Tibet's spiritual leader the Dalai Lama will appeal to US President George W. Bush in talks this month to prod Chinese leader Hu Jintao to give genuine autonomy to the Himalayan territory, an official said.
The meeting with Bush is to take place during the Dalai Lama's high-profile 10-day visit to Washington beginning November 8, said Lodi Gyaltsen Gyari, the Tibetan leader's special envoy.
"Obviously His Holiness will ask the president to take the opportunity to once again convey to the Chinese leadership His Holiness's sincerity and commitment to finding a solution (to the Tibetan question)," he told reporters.
Gyari said the Dalai Lama would stress to Bush in his third meeting with the US leader since he took office in 2001 that the Tibetans were not seeking independence but "the right to self governance."
"I must say that President Bush, on this issue, has been consistent and we very much appreciate his strong support.
"He does it not because he is pro-Tibet or anti-Chinese but because he understands that resolving the Tibetan issue can bring more stability in that part of the region," Gyari said.
Bush, whose previous two meetings with the Dalai Lama drew angry complaints from China, is scheduled to visit Beijing on November 19 for talks with Hu and is expected to raise the Tibet issue with him.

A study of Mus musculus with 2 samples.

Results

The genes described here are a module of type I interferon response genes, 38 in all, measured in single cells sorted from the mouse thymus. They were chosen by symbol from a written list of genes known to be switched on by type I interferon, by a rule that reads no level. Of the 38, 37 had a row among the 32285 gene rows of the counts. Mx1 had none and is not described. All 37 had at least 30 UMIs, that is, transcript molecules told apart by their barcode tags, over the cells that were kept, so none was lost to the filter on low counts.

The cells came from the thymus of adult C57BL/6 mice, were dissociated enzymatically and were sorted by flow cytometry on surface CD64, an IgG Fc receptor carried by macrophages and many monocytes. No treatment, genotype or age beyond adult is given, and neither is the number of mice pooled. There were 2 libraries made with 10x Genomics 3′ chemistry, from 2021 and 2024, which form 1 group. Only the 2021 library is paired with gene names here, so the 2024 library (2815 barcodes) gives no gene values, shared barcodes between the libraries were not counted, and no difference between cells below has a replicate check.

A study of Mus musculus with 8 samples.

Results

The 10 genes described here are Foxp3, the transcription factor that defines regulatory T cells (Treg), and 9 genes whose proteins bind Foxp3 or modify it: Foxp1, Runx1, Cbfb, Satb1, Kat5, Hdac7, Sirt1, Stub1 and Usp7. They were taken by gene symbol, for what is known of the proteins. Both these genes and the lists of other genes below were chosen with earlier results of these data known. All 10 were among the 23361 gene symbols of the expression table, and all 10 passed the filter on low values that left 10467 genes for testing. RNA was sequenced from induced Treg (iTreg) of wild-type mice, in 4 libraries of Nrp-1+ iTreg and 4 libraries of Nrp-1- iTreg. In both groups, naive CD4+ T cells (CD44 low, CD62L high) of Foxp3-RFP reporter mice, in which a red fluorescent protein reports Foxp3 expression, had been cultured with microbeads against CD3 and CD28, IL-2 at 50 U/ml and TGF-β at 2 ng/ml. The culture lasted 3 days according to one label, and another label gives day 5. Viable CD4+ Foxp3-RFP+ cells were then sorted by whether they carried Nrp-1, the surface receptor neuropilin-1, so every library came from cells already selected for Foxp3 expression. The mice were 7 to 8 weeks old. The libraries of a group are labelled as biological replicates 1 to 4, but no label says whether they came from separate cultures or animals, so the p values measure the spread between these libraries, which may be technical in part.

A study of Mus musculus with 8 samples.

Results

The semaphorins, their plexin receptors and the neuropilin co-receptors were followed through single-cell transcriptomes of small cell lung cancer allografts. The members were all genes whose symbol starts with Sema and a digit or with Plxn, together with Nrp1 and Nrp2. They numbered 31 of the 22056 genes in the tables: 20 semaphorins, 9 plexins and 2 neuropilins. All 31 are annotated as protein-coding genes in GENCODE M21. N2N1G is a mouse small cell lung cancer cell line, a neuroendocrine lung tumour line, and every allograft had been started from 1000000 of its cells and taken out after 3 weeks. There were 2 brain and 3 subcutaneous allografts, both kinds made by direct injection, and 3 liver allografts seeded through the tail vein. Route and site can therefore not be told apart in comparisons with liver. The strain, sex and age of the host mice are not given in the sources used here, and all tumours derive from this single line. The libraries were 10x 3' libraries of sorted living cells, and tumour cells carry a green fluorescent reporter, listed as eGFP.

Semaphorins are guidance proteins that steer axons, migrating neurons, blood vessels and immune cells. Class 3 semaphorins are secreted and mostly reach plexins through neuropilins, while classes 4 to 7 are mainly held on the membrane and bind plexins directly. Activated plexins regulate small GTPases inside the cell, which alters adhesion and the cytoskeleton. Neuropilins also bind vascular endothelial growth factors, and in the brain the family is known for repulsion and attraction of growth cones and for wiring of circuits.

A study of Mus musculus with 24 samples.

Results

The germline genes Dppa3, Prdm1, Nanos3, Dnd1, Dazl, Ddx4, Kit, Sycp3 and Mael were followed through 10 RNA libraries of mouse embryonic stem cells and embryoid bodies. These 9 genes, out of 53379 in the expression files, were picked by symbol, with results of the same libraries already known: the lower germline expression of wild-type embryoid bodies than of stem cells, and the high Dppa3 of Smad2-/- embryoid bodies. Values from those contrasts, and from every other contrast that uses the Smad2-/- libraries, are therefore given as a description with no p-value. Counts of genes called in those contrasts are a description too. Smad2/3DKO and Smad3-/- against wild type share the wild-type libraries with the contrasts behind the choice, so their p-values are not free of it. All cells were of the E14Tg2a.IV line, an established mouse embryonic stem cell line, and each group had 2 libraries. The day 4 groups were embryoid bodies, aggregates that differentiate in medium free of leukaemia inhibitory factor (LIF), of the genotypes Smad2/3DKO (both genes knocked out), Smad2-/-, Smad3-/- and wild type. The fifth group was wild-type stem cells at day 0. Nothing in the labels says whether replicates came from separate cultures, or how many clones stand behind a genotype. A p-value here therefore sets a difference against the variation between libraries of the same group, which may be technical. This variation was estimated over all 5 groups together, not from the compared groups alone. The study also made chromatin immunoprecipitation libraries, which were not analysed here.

Bush is expected to "raise the Tibet issue is a strong manner," Gyari said, basing the prediction on the US president's past meetings with the Chinese leadership.
The Dalai Lama, 70, has lived in India since he fled from Chinese troops in 1959, basing his government-in-exile in the hill-top northern Indian town of Dharamsala.
Beijing formally established a Tibetan Autonomous Region in 1965 but Gyari said there was no genuine autonomy.
The Dalai Lama, who won the Nobel Peace Prize in 1989 for his non-violent struggle for Tibet, has been pushing for greater autonomy for the Himalayan kingdom, as the head of an unrecognized government and de facto diplomat.
The International Campaign for Tibet, a group spearheading a campaign for human rights and democratic freedoms for the people of Tibet, said the Dalai Lama was coming to Washington at a "key moment," citing the current Sino-Tibetan dialogue on the territory's future status.
The first-ever talks between the Dalai Lama's envoys and Beijing officials outside Chinese soil were held in the Swiss capital Berne in July.
The talks were the fourth between the two sides since direct links were resumed in 2002.
Gyari said he hoped there would be another meeting with the Chinese before the end of the year.
"This possibility had been conveyed to me by my Chinese counterpart," he said.
Chinese President Hu, once Communist Party secretary of the Tibet Autonomous Region, recently reasserted Beijing's claim that Tibet had been an "inalienable part of Chinese territory" from the 13th century onward.
The Dalai Lama "has remarked several times in the past that he would like to see President Hu as someone much more easier to engage because of his personal knowledge of Tibet," Gyari said.